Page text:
Smarter, Faster Internet II Sits on Front Burner
Texas colleges lead project
Source: Houston Chronicle, March 8, 1997
By Todd Ackerman
The University of Houston, Rice University and Baylor College of Medicine
are leading a
national effort to build a speedier, more sophisticated Internet.
The $500-million project, dubbed Internet II, is expected to feature virtual
reality and allow scientists to do everything from
practice brain surgery to run weather simulations to design better aircraft.
"This will deliver multimedia documents of image quality better than any
television," said Ken Kennedy, a Rice computer science
professor and co-chair of President Clinton's advisory committee on the network.
"It will transform the Internet from delivering
text documents with some graphics to high-definition, full-motion video."
Internet II is also expected to be a thousand times faster than today's Internet.
UH, Rice and Baylor, along with 10 other institutions, were granted the first
connections to five supercomputer centers last fall by
the National Science Foundation. The centers and linked institutions are
expected to form the backbone of Internet II.
The University of Texas-Austin last month applied to become part of the network.
By June, the NSF is expected to announce the next
slate of schools to win connections.
In all, more than 100 universities -- including Rice, UH and Baylor --have
banded to plan the effort, expected to take
three to five years before it is fully up and running. Like the original,
it is expected to move from universities to the private
sector to consumers.
Currently, Internet II is moving data for the 13 linked schools at 655 million
bits a second, compared with the 28,800 bits a
second that is the highest speed available to most Internet users. Internet
II is expected to reach data transfer speed of 2.2
trillion bits a second in a few years.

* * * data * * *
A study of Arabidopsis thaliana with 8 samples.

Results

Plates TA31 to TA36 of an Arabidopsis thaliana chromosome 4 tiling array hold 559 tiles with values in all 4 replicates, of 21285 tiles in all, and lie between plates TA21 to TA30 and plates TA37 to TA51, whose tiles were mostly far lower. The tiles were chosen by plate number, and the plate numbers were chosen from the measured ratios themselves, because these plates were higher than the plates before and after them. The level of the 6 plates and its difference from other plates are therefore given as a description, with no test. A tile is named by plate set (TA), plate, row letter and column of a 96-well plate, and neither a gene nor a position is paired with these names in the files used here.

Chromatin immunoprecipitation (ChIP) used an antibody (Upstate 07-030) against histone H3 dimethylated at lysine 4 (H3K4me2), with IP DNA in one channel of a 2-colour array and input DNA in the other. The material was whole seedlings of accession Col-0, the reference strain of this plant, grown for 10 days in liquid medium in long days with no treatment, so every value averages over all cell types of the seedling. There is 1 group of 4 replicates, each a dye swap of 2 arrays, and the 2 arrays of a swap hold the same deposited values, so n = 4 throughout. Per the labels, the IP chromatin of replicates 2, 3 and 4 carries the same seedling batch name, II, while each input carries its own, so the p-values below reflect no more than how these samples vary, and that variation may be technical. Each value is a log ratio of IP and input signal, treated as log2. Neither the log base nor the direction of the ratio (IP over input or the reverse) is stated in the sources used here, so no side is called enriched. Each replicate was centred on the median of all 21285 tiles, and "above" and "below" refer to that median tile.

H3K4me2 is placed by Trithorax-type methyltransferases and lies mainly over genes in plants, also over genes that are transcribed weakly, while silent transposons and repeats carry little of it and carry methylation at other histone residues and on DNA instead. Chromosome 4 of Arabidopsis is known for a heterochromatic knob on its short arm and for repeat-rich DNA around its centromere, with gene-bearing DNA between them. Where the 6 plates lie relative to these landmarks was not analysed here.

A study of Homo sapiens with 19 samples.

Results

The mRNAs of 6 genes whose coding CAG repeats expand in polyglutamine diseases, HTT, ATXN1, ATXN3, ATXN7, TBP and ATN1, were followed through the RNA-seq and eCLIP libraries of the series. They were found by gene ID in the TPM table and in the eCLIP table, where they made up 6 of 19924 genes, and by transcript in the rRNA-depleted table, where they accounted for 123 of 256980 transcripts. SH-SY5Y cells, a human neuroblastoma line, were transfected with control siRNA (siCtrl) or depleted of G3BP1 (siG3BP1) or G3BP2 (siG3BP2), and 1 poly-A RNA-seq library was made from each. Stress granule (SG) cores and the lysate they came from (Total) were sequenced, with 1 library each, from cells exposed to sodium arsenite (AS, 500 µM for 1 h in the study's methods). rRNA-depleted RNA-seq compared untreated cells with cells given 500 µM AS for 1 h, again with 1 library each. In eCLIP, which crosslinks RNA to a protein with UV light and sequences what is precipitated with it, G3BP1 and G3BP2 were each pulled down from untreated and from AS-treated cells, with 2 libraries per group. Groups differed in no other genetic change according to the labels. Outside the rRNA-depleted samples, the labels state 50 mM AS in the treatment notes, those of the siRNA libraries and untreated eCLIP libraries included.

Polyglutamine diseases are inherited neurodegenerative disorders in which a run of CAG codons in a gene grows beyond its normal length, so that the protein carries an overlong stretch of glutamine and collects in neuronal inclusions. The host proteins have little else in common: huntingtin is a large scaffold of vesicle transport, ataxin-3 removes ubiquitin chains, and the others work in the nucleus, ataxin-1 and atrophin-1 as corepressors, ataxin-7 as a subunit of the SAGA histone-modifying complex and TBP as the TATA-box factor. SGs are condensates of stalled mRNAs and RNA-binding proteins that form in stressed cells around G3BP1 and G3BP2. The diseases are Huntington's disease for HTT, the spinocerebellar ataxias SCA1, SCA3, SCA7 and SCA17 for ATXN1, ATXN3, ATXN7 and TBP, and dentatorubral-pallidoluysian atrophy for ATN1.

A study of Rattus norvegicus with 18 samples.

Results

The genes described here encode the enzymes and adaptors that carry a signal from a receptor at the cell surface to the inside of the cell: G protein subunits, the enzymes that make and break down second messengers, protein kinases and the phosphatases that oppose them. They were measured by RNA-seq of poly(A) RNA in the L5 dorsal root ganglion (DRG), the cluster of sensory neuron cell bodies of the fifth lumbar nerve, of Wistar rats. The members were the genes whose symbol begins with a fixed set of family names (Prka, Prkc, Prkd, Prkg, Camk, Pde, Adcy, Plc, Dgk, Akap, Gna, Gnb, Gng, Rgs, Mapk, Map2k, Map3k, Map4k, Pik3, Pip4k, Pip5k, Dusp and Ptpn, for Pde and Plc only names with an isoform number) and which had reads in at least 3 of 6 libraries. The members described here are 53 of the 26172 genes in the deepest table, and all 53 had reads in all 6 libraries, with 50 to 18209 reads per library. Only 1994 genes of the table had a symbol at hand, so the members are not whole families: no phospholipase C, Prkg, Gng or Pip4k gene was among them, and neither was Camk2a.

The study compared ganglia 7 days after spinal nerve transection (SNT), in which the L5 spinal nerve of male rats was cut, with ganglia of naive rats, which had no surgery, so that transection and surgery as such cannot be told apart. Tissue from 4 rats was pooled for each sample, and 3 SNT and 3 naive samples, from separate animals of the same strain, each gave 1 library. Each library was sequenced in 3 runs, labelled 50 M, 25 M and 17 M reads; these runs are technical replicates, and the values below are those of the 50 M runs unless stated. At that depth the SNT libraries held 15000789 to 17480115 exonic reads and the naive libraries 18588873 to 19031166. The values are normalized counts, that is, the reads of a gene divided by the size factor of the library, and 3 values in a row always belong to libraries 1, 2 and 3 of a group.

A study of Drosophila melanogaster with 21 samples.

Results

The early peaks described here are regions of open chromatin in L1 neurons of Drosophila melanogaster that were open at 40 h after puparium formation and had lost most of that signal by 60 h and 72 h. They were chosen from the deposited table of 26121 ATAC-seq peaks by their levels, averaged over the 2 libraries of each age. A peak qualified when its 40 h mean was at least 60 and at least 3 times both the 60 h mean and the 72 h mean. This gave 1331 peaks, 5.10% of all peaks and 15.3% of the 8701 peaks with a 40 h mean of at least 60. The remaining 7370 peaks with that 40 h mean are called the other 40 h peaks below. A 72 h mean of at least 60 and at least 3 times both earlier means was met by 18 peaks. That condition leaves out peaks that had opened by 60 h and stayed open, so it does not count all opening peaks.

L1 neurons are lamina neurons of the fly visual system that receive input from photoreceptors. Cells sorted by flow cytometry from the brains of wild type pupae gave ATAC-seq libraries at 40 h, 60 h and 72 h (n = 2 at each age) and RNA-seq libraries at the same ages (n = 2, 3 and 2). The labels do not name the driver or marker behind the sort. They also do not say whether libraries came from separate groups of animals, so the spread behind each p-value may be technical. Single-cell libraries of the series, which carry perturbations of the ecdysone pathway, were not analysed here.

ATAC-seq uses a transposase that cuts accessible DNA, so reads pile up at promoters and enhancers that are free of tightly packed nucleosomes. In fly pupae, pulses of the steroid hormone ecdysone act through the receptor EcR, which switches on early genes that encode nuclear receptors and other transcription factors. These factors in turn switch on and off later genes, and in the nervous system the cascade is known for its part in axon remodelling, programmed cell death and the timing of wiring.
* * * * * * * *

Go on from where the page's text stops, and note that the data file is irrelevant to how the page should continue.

Some researchers had emphasized they need a next-generation Internet because
the mass commercialization of the existing one has made
it too congested to handle many of the huge computations they demand. It
can also be inefficient, sometimes bouncing e-mail around
the globe before it lands in a computer down the hall from where it was sent.
But Kennedy stressed it is the capabilities of Internet II that make it most
"exciting." Those capabilities include the
Rice-UH-Baylor coalition's plan to collaborate in visualizing molecular processes
using UH's virtual reality lab and UT's plan to
use the same lab to visualize models they'll create of environmental problems
in Galveston Bay.
Kennedy acknowledged that Internet II will also likely become congested as
it is made available to the public. But, he added,
scientists will then build a yet more sophisticated one.
"Computer superhighways are no different from vehicle highways,"said Kennedy.
"They keep getting congested, no matter how many you
build. If we're successful at Internet II, its resulting congestion will
be a measure of that success.
Funding for Internet II includes Clinton's pledge of NSF funds of $100 million
a year for three years. Universities each chip in
$25,000 --as well as brainpower -- to join and some private interests have
promised to help sponsor the project.